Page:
ENCLOTHED KNOWLEDGES: WHAT DO WE KNOW THROUGH MAKING AND WEARING CLOTHES?
In his 2017 paper, Ben Barry uses the term 'enclothed knowledge' to capture the multi-modal and multi-sensory knowledges, which acts of wearing and making clothes produce. This panel takes the idea of 'enclothed knowledge' a starting point to examine the role and position of practice-based research in fashion studies. It asks what we know through making fashion objects, images and exhibitions – and how these knowledges might differ from those produced through more traditional academic research practices?
Historically there has been a division in both fashion academia and education between those who study through making and those who study through observation. However, the 'embodied turn', and attendant reorientation of the field has revealed the porous nature of these divisions, the ways that in 'fashion thinking' theory and practice are often intertwined.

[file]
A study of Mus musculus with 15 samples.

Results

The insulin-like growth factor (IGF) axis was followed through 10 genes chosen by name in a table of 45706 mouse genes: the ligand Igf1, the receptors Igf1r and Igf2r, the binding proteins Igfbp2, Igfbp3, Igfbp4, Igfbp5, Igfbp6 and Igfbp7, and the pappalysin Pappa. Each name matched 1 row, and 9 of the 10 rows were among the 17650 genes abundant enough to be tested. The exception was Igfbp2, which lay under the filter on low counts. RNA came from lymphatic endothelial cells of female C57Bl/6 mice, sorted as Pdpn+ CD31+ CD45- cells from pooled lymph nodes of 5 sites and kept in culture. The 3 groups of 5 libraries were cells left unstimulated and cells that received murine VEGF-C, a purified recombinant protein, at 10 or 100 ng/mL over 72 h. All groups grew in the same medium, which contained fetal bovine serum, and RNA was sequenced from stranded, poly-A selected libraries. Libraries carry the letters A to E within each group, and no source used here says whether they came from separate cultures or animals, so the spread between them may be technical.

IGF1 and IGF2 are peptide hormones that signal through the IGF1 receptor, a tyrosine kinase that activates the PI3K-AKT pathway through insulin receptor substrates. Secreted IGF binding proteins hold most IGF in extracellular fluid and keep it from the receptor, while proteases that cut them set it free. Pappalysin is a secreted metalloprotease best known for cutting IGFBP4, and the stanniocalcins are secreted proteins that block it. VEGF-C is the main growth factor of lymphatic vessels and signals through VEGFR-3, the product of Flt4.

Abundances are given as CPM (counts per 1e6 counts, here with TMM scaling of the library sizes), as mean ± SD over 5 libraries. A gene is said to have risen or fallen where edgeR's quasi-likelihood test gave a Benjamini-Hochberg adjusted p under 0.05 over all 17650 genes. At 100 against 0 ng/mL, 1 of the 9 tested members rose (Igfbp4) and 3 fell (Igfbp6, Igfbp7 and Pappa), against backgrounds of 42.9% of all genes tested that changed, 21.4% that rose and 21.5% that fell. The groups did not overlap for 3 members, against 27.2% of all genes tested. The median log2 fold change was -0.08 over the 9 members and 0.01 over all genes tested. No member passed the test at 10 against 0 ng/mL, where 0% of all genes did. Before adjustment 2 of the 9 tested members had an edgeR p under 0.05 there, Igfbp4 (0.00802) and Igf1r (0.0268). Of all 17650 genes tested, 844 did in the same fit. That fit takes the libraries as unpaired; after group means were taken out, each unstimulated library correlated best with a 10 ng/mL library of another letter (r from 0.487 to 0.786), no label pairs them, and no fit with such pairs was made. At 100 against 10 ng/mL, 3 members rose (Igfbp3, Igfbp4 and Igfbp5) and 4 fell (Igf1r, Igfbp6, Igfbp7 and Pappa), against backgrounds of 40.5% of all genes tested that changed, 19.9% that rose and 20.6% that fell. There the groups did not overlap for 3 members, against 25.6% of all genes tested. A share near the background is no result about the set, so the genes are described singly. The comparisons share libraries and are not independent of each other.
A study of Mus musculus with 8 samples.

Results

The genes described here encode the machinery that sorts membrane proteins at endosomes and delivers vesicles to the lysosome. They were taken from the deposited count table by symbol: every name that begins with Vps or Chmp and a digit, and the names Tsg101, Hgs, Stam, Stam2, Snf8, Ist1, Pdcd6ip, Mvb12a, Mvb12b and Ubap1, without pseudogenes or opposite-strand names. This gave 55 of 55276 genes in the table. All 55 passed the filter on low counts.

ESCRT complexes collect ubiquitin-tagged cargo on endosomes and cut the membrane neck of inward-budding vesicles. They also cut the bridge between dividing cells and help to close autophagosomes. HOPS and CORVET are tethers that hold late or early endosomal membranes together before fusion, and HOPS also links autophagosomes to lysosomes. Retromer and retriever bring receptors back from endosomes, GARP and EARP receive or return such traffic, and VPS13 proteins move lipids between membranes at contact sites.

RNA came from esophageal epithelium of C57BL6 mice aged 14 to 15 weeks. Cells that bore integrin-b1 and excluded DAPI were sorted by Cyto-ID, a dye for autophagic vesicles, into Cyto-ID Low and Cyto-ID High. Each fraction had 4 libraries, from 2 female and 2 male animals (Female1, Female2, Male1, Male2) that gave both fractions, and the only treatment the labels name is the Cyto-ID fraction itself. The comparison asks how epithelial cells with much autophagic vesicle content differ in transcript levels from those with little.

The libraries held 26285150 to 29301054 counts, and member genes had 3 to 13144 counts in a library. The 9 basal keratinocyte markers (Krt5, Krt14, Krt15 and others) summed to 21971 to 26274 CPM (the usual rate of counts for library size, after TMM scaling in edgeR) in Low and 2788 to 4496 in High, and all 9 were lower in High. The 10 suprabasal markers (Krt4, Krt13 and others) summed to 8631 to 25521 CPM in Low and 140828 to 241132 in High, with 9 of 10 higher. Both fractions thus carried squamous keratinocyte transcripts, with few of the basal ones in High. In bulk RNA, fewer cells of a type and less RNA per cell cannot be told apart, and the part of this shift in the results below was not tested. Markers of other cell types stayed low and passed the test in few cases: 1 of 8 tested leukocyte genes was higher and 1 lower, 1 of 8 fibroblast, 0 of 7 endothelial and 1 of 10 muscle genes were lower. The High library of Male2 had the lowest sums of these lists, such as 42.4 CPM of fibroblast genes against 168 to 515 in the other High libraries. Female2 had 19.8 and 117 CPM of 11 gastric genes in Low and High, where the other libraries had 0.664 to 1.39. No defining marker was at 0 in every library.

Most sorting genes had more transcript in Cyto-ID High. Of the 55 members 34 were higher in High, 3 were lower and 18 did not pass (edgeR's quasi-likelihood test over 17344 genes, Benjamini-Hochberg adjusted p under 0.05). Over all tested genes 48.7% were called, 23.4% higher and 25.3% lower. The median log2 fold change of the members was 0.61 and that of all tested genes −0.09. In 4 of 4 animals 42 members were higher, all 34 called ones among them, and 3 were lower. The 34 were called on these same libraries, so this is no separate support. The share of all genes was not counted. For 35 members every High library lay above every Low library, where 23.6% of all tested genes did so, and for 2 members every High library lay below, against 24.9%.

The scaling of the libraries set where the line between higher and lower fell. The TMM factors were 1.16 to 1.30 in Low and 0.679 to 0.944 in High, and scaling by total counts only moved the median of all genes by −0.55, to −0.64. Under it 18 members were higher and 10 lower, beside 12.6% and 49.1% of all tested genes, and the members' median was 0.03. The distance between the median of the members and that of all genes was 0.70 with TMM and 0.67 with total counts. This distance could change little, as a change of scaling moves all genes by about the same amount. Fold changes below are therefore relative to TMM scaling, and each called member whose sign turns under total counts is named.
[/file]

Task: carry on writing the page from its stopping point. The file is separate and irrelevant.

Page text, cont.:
In the context of current attempts to define and formalize the field, this panel seeks to critically examine the role of practice-based fashion research in fashion studies. It asks how methodologies of making and wearing clothes intersect with and expand upon current concerns with embodiment, tacit knowledge and the sensory experience of dress.
This panel seeks papers that challenge, interrogate and highlight the ways that research through practice might develop, strengthen and expand the field of fashion studies as it grows.
Chair: Ellen Sampson - Northumbria University, UK
Ellen Sampson, Senior Vice Chancellor's Fellow, Northumbria University.